Broccoli and Other Tales of Food and Love

Amy Rosenthal  |  Winter 2008  -  Number 212

  
  
 

Lara Vapnyar, Broccoli and Other Tales of Food and Love (Pantheon Books, 2008, $20)

The comingled complexities of love and food are familiar ingredients in modern fiction, but in Lara Vapnyar’s new collection of short stories it is largely the absence of love that is assuaged or intensified by cooking and eating. Like Vapnyar herself, the protaganists of Broccoli and Other Tales of Food and Love are émigres from Eastern Europe, cast dazedly adrift in the United States, suspended between assimilation and homesickness. Varying in age, gender and preoccupations, the characters nonetheless share an air of stunned dismay, a somnambulant passivity akin to depression. In each of these six elegantly crafted stories, it is the experience, memory or consequences of a meal that in some way bring them back to life.

     Vapynar left her native Russia in 1994 and became fluent in English only after settling in New York. She drew on the immigrant experience in her first collection of short stories, the critically acclaimed There Are Jews in My House, and her subsequent novel, The Memoirs of a Muse. Here she continues to address displacement, loneliness and loss of status with wry humour and lightness of touch, sidestepping sentimentality and inviting genuine sympathy for her disenfranchised characters; isolated individuals slaving to send money to their aspirational families back home; scientists, artists and intellectuals turned into computer programmers in the heat of the melting pot.

     In the opening story, ‘A Bunch of Broccoli on the Third Shelf’, Nina is one such computer programmer. But unlike her new circle of bohemian fellow-immigrants, Nina was a computer programmer in Russia too. She feels dull among these aquaintances, to whom her husband introduces her simply as ‘a lover of vegetables’. Since her arrival in the United States, buying vegetable has been Nina’s passion. She revels sensuously in the delights of the markets and lingers over receipe books in bed, meanwhile neglecting to cook what she has bought and allowing it to rot in the ‘vegetable graveyard’ of her fridge. When her husband leaves her, Nina can only stare numbly at the index in her cookbooks: ‘broccoli:gratin, 17; macaroni with, 7…’, lacking the heart to turn the pages. But it is thanks to her love of vegetables, specifically the eponymous broccoli, that Nina is coaxed tentatively towards new hope when a fellow-émigre invites himself over for a ‘cooking date’.

      It is with food that Vapnyar’s love-starved protagonists share their real moments of romance. Food warms and tenderises them, returns them to an almost childlike state of trust, enables them to be vulnerable and honest. In ‘Borscht’, lonely carpet-fitter Sergey seeks out a prostitute from the small ads in a Russian newspaper but finds himself miserably unaroused, even repelled by the ministrations of the woman he visits in Brighton Beach (‘the parody of Russia, that made the real Russia seem even further away and hopelessly unattainable’). It is only when she persuades him to stay for a bowl of soup and he watches her ‘light, fast hands’ preparing the dazzlingly colourful borscht that he begins to see the beauty in this ordinary woman, and the similarity in their shared exile.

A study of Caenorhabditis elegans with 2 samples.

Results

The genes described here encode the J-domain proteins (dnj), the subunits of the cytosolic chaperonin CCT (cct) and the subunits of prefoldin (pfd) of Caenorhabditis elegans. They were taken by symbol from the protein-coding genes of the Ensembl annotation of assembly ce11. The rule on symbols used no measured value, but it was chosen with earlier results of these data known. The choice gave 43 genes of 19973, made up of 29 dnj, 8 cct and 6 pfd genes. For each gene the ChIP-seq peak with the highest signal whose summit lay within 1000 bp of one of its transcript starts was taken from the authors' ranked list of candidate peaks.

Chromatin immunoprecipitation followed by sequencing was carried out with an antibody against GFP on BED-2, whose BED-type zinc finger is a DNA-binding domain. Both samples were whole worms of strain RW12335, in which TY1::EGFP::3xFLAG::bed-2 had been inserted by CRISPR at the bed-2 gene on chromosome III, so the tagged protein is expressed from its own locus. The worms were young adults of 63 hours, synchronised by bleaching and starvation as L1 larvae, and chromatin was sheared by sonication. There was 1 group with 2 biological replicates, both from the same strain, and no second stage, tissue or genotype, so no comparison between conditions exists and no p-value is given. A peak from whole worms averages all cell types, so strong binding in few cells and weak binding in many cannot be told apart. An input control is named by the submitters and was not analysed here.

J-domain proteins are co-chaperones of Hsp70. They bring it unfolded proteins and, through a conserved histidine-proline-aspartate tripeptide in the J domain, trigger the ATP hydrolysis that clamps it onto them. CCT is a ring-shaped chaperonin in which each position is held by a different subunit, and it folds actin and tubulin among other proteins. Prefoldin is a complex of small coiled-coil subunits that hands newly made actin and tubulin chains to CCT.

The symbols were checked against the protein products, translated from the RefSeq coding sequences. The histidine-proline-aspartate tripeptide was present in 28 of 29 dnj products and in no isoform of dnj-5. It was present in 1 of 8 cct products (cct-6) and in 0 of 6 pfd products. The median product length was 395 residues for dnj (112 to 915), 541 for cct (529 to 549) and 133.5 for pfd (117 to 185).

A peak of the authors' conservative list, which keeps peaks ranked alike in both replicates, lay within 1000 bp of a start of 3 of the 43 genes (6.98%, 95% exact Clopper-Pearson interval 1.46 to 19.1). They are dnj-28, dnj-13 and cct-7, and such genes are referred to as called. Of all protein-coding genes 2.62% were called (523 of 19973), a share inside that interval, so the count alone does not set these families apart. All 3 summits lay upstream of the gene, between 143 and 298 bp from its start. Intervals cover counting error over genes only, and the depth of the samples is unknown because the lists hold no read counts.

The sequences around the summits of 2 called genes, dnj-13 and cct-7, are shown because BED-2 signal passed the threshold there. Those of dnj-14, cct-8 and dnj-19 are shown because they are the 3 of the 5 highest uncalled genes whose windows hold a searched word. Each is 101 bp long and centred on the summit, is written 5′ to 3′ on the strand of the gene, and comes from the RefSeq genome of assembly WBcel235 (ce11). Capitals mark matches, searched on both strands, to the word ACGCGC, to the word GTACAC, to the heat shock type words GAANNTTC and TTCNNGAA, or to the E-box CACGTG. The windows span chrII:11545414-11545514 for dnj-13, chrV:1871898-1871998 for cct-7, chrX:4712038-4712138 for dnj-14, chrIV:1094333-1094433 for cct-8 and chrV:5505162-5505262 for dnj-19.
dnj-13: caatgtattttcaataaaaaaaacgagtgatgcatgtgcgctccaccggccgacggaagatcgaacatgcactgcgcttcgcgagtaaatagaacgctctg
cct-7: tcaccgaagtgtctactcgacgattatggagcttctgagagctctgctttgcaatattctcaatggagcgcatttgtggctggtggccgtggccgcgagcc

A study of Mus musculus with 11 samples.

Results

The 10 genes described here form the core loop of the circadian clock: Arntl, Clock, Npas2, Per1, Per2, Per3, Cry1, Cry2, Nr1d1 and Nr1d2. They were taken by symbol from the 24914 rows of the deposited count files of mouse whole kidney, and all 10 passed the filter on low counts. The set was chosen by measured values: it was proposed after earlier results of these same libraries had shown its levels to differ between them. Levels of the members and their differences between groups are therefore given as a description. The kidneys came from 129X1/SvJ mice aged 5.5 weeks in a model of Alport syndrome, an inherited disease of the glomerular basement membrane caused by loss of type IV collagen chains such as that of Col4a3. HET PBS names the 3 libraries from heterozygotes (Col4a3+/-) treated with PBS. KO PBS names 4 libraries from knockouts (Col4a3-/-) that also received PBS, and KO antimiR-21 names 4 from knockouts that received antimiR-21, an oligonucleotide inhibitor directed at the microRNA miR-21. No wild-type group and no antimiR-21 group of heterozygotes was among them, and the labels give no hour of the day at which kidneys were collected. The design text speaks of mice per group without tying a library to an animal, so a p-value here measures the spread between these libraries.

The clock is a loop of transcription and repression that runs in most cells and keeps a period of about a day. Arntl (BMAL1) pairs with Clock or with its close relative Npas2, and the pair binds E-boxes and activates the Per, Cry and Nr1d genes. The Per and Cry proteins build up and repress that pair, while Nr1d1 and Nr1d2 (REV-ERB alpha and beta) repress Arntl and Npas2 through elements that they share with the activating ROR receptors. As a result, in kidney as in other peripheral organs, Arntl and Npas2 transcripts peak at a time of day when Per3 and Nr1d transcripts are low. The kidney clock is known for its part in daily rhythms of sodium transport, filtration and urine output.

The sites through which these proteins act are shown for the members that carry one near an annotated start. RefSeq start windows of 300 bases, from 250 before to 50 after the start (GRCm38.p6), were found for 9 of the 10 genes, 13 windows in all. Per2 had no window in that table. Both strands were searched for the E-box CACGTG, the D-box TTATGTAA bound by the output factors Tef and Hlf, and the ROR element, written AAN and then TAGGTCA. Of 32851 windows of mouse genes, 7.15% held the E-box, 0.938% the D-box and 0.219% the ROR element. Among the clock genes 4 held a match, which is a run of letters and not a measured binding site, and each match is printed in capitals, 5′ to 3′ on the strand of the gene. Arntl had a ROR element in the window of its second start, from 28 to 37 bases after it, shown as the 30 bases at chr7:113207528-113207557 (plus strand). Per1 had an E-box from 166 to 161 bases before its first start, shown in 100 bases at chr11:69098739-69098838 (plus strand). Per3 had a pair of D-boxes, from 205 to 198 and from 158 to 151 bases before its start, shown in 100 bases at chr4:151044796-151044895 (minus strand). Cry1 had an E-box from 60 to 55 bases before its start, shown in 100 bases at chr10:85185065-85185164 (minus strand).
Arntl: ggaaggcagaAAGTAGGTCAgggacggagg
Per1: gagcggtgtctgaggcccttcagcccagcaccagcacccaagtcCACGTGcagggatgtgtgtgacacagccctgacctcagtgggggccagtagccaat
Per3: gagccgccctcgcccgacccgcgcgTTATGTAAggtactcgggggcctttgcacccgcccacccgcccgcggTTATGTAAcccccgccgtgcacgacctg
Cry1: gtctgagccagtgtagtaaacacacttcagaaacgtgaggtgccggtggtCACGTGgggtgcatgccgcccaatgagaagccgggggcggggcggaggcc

In not all of the stories does food have such a positive effect. Perhaps the most memorable tale in the collection is ‘Luda and Milena’, in which two aging women in an English-language class vie for the attentions of an elderly widower by cooking him traditional Russian fare, with catastrophic results.

Vapnyar is gleefully comic here, describing Milena’s face as ‘a battlefield for anti-aging creams’ and the sound made by Luda’s armchair when she sinks into it as ‘the groan of someone who was profoundly annoyed with Luda but still loved her very much’. Alongside the humour come sharp, painful insights: Luda notes that her presence disturbs married women of her age, ‘not because they saw her as a threat but rather because her widowhood and loneliness reminded them that they could soon end up like that too’.

     My favourite story in the collection is ‘Slicing Sauteed Spinach’, in which Prague-born Ruzena, fearful of the unfamiliar words in restaurant menus, allows her lover to order for them both. Consequently she eats nothing but various forms of spinach, her lover’s favourite food. When he attempts to end their affair on the grounds that Ruzena is becoming too dependent, she invents an imaginary boyfriend in Strasbourg, whose existence reignites her lover’s interest. Over many lunches the fictitious Pavel grows in character and conviction until Ruzena finds herself expressing Pavel’s loathing for spinach, and realising that it is in fact her own.

     The collection ends with a round-up of the receipes featured in the stories. Chattily informal and full of infectious enthusiasm for good food, it is a delightful conclusion to a highly enjoyable read, which whets the appetite for hot borscht and more work from Lara Vapnyar.